Deanna Tremblay, a postdoctoral recruiter for academic programs at St. Jude Children's Research Hospital, shares how her scientific career was shaped by family and travel. This is part of an ongoing series.
Question: Describe a person, experience or event that played a key role in your career decision.
Answer: My mother was the key in my decision to follow a career path in STEM. When I was young, she returned to college to study chemistry. I remember nights when she was mostly unavailable unless my siblings and I studied with her. She was always teaching new science concepts, even if we may have been too young to fully grasp chemistry. I can still recite the definition of temperature – a measure of the average kinetic energy of the molecules in a gas. She showed me that hard work and determination pays off, and she inspired me to follow in her footsteps.
Q: Describe a person, experience or event that played a pivotal role so far in your career.
A: Until a few years ago, my path was solidly focused on research. But I knew I was not meant to be a bench scientist my entire career. After traveling around the world on a year-long break, I was even more convinced that research was not where I was meant to be. When I discovered the postdoc recruiter position at St. Jude, I was genuinely excited about the opportunity to integrate both my passions for science and travel into a fulfilling career.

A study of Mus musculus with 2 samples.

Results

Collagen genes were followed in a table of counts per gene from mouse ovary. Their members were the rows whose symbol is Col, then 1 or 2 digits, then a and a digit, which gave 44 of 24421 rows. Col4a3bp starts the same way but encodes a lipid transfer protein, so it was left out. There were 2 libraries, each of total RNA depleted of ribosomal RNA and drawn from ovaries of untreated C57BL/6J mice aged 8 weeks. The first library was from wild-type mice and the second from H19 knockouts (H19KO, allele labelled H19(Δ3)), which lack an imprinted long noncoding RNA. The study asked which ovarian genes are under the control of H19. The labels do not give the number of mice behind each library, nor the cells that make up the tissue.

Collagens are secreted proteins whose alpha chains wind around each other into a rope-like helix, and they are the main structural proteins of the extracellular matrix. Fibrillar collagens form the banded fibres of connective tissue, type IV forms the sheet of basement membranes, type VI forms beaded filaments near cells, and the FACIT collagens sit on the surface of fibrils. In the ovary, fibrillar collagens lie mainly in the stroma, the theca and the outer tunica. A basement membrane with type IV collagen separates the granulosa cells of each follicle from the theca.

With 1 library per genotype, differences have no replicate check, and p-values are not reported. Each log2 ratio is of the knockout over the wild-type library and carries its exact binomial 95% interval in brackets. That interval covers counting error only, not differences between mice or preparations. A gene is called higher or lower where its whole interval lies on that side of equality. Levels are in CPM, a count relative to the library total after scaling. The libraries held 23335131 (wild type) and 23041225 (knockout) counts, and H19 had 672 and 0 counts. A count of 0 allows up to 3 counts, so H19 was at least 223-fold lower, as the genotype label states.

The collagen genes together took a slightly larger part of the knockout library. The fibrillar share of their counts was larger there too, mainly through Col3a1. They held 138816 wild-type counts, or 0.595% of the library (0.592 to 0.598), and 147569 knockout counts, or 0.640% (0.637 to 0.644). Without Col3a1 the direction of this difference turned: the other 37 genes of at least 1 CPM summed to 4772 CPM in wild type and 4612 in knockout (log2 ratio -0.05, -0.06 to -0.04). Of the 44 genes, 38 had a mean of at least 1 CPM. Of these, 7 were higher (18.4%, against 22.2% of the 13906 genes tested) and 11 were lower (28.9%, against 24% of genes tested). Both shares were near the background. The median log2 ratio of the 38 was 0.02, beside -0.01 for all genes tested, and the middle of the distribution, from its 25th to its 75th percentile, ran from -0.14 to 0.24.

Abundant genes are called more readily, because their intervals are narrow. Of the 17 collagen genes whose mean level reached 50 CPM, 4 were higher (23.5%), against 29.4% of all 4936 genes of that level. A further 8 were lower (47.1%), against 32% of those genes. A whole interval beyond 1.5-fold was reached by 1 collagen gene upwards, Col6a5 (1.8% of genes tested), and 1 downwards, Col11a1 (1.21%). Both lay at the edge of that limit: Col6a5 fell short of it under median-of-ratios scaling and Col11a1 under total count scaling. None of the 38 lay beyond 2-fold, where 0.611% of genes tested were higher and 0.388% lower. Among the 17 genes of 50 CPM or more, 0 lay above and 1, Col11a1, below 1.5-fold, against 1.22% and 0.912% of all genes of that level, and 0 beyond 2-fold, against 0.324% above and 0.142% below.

Q: What do you know now that you wish you had known as a student or early in your career?
A: I wish my high school and college career counselors had a better understanding of nontraditional career opportunities in STEM. I did not know where to begin searching for opportunities outside of traditional research. Thankfully, there are excellent resources available online now, but these did not exist when I was first laying the foundations for my career path back in high school. The idea in high school was simply if you excel in a certain subject, that is the career path you should follow. It was a bit misguided.